Jay Meehan, Record columnist

As one who spends probably more time in concert lines than most other musically-neurotic members of my species, there always seems to be one of those "can’t miss" shows coming up on the calendar.

Oftentimes these events feature stars of the first magnitude, and that’s OK. But in my case, as often as not, it is the light from lesser stellar objects that causes my anticipation levels to redline. Not unlike astronomers stumbling upon a dark filament in a molecular cloud, we contemporary music buffs oftentimes find ourselves, through little forethought of our own, coming upon either a recording or live act that, although not yet included on the cosmological charts, affords a brilliance beyond its fame.

Such was the case when Teri Orr and the Park City Performing Arts Foundation included the then mostly unknown Ryan Bingham on their Eccles Center schedule a while back.

The convoluted logistical accident that brought me to the stage in question that evening involved a designated driver with whom I would be attending a show at the Beaver Creek Inn out along Mirror Lake Highway and her decision to take in Bingham’s concert at the Eccles before heading out Kamas way.

Suffice to say that the musical power of a rough-hewn and lanky ex-bull rider with a guitar and a few dozen songs in his quiver worked its magic that night. The immense talent of Ryan Bingham, who had played Park City previously when he opened for Reckless Kelly at the now-defunct Suede club, would no longer be able to sneak up on anybody.

This became even more evident when he (and his band) were cast in the brilliant Jeff Bridges vehicle "Crazy Heart" and, once all the honky-tonk haze had cleared, found himself, along with collaborator T-Bone Burnett, the winner of both the Golden Globe and Oscar for "The Weary Kind," the film’s haunting theme song.


In fact, on "Junky Star," it’s just Bingham and his longtime band, The Dead Horses, along with his newfound compadre T-Bone Burnett — whose basic function as producer was to just keep things simple and uncluttered. They might have cut the tracks in three days but, no doubt, we’re going to be talking about them for years.

He cuts to the chase, Ryan Bingham does, with songs that are pretty much laid out bare with an art that confronts the comfortable both musically and philosophically. He’s not about crafting sing-a-long refrains that lend themselves to hit records, although there were those among the crowd at the Eccles Center who quoted his lyrical riffs with a reverence usually associated with Hank Williams.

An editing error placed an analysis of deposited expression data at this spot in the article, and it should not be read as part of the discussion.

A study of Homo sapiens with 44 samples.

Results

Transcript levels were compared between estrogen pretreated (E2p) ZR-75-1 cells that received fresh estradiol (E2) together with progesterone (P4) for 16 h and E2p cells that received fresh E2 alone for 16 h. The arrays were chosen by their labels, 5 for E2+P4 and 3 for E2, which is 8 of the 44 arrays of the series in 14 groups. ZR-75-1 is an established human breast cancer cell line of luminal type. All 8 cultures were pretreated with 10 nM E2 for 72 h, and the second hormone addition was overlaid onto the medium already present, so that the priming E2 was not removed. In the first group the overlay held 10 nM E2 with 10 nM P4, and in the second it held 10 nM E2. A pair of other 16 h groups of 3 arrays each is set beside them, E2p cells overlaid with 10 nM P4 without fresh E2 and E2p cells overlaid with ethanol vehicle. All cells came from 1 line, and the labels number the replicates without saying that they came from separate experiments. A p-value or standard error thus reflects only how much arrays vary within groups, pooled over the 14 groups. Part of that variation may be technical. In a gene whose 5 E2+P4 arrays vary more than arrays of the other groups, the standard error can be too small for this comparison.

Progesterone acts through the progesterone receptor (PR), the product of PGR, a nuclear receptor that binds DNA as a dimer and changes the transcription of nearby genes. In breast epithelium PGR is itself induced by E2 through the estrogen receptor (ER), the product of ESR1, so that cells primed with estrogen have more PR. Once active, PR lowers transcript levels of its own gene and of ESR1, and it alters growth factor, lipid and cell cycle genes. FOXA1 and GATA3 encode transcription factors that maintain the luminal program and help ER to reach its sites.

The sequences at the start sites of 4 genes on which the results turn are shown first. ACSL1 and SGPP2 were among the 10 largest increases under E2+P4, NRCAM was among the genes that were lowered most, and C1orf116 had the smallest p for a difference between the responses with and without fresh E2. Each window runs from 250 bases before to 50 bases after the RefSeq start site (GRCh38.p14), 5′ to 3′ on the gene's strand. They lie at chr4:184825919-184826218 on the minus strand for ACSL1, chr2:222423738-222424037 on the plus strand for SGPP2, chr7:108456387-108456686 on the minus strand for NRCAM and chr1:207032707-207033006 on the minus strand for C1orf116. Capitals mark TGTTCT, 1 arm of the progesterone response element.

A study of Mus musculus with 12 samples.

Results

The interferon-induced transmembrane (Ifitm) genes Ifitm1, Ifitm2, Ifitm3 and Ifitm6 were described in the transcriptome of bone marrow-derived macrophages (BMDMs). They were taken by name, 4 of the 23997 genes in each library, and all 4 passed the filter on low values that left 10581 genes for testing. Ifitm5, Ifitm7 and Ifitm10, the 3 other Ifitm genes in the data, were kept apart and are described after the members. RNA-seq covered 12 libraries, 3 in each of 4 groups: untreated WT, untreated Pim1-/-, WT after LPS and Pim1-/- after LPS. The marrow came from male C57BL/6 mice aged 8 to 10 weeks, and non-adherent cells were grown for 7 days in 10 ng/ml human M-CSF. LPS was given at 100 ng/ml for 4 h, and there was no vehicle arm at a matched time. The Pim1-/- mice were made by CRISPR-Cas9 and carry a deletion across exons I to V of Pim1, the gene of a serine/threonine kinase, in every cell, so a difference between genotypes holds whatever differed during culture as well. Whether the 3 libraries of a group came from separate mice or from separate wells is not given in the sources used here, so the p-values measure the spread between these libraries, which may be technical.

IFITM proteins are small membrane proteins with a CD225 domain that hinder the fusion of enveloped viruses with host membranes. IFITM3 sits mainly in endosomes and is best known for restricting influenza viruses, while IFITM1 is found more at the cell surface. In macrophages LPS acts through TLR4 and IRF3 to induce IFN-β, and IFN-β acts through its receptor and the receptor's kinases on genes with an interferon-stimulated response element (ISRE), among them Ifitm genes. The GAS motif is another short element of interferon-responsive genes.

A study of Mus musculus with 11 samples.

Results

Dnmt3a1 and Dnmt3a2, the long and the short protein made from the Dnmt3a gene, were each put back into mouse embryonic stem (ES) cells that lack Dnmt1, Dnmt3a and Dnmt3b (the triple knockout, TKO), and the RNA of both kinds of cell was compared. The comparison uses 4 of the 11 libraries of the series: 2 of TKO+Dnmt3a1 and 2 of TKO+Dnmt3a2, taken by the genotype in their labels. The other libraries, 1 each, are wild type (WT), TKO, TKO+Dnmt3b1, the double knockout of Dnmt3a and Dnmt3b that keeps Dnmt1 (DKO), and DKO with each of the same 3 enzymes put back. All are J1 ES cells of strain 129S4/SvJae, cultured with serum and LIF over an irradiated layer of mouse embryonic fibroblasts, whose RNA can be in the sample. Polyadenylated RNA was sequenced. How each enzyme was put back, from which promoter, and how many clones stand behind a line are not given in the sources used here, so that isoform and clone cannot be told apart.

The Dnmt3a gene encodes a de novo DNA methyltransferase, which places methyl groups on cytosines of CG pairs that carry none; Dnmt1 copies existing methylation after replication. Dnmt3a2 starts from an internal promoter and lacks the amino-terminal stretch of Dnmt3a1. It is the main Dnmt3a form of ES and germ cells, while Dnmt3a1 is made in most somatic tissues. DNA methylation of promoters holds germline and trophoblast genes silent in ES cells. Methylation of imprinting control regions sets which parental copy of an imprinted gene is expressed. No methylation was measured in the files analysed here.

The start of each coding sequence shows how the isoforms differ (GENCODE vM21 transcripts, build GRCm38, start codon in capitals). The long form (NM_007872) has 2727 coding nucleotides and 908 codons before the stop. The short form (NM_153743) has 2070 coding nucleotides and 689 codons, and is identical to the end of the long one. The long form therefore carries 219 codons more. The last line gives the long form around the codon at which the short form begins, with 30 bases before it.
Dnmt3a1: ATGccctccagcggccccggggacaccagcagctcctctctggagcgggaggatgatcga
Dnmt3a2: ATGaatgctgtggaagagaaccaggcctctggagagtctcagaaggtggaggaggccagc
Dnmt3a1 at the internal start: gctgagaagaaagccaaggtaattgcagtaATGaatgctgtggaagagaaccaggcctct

So I must admit that, with the Park City Performing Arts Foundation bringing Ryan Bingham and The Dead Horses back to Park City to headline a Labor Day concert at Deer Valley on Monday, September 6, my anticipation index is very much approaching the red zone.

Admittedly, it would be enough if Bingham and the boys were doing that thing they do with no one else on the bill but, as is often their wont, Teri and the PCPAF have gathered together two other quite singular acts to embellish the whole. There’s something enthralling about performing artists who aren’t touring together getting the opportunity to dig the eclecticism of each other’s schtick.

Crooked Still is an act I’ve wanted to see live for quite a spell, and not just because I’m somewhat smitten with lead singer Aoife O’Donavan’s vocal stylings. Yet another of those groups shoved under the umbrella-term "new grass," their modern and highly unique takes on folk, country, and bluegrass are about respectfully evolving the forms to best reflect the individuality of both themselves and their times. "As cool and hip as all get out" is what they are.

I also can’t wait to see what Sara Watkins has been up to with her solo career since the prodigy-rich Nickel Creek split up. As I was unable to catch her guest spot with Garrison Keillor when the Prairie Home Companion tour blew through Utah recently, it’ll be fun to see her in action at Deer Valley come Labor Day as part of that great lineup with Ryan Bingham and Crooked Still. This is definitely a "can’t miss!"

Jay Meehan is a culture junkie and a free-lance writer with a background in commercial and community radio, among other pursuits. He has been a columnist and feature writer for various Park City publications going back to 1973.